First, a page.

CEO Sharon Price John says Build-A-Bear’s old e-commerce system is a big reason for disappointing online sales in December.
It will likely lead more shoppers to unsubscribe from e-mail lists. But that’s a good thing, says one expert.
Gmailis making it easier for consumers to unsubscribe from marketers’ e-mail lists.
Google Inc.’s e-mail service yesterday announced that it has begun placing an “unsubscribe” link at the top of marketers’ Gmail messages that appear in users’ “promotions,” “social” or “forums” tabs to make it easier for consumers to unsubscribe from e-mail lists. The link will not appear if a marketer’s message appears in a user’s primary tab.
“Making the unsubscribe option easy to find is a win for everyone,” writes Gmail in a Google Plus post. “For e-mail senders, their mail is less likely to be marked as spam and for you, you can now say goodbye to sifting through an entire message for that one pesky link.”
While the move will likely lead to more consumers unsubscribing from marketers’ e-mail lists, that should ultimately help marketers, says Chad White, lead research analyst at e-mail marketing service provider ExactTarget.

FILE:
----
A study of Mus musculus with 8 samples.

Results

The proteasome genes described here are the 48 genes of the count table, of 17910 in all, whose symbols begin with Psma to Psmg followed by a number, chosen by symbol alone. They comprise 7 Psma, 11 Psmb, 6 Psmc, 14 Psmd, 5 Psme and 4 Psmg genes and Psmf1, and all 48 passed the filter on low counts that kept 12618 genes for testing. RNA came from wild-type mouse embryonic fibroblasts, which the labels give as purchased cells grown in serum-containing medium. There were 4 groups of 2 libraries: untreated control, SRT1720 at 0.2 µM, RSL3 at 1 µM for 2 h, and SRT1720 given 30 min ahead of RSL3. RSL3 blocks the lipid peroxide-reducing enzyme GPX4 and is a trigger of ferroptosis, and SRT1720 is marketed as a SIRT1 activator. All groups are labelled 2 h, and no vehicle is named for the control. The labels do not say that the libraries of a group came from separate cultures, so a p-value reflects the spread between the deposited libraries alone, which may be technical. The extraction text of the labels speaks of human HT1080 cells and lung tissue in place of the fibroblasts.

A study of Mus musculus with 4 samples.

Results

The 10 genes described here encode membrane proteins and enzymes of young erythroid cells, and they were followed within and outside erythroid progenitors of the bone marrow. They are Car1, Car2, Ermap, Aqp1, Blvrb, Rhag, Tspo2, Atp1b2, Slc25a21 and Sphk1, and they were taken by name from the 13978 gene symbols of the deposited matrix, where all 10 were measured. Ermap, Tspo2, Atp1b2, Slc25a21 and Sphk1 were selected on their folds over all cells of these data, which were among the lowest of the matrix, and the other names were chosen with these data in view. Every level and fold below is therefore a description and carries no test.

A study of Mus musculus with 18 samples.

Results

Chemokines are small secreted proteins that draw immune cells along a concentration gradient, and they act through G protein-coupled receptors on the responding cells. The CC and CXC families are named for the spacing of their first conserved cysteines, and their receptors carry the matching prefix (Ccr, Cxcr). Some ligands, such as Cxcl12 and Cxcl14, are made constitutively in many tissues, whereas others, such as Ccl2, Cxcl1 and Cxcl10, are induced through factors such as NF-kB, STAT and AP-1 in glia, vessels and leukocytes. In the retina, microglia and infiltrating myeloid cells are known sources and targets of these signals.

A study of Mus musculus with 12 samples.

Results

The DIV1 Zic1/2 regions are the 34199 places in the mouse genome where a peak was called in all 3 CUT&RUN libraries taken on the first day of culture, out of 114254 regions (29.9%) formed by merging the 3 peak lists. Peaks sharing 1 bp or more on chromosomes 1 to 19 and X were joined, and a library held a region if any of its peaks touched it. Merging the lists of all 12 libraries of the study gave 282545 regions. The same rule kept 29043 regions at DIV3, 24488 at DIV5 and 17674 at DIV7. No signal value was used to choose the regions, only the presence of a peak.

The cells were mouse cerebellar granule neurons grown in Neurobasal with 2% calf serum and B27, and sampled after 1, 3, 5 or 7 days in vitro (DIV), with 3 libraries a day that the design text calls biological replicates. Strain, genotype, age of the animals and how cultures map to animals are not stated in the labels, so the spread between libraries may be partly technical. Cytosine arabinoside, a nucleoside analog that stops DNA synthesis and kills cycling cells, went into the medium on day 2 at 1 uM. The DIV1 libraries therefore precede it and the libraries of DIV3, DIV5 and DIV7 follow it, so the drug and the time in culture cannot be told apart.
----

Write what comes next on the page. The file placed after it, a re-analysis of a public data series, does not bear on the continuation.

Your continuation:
“Having a more prominent unsubscribe link may put the idea to unsubscribe in users’ heads,” he says. “But the people who are most likely to do so are those who don’t get value from marketers’ e-mails, who are most likely to become inactive and who are the most likely to complain.”
Moreover, making it easier to click the “unsubscribe” link should lead to fewer consumers clicking Gmail’s Spam button, which is far more costly to marketers because it hurts their reputations with e-mail inbox providers like Google, Yahoo Inc., Microsoft Corp. and Comcast.
“Gmail wants to see that people are interacting with marketers’ e-mails,” White says. “While marketers don’t want people to unsubscribe, that may be a better option than them hitting delete without reading an e-mail or hitting the Spam button. This is the least bad option because it doesn’t hurt the sender’s reputation.”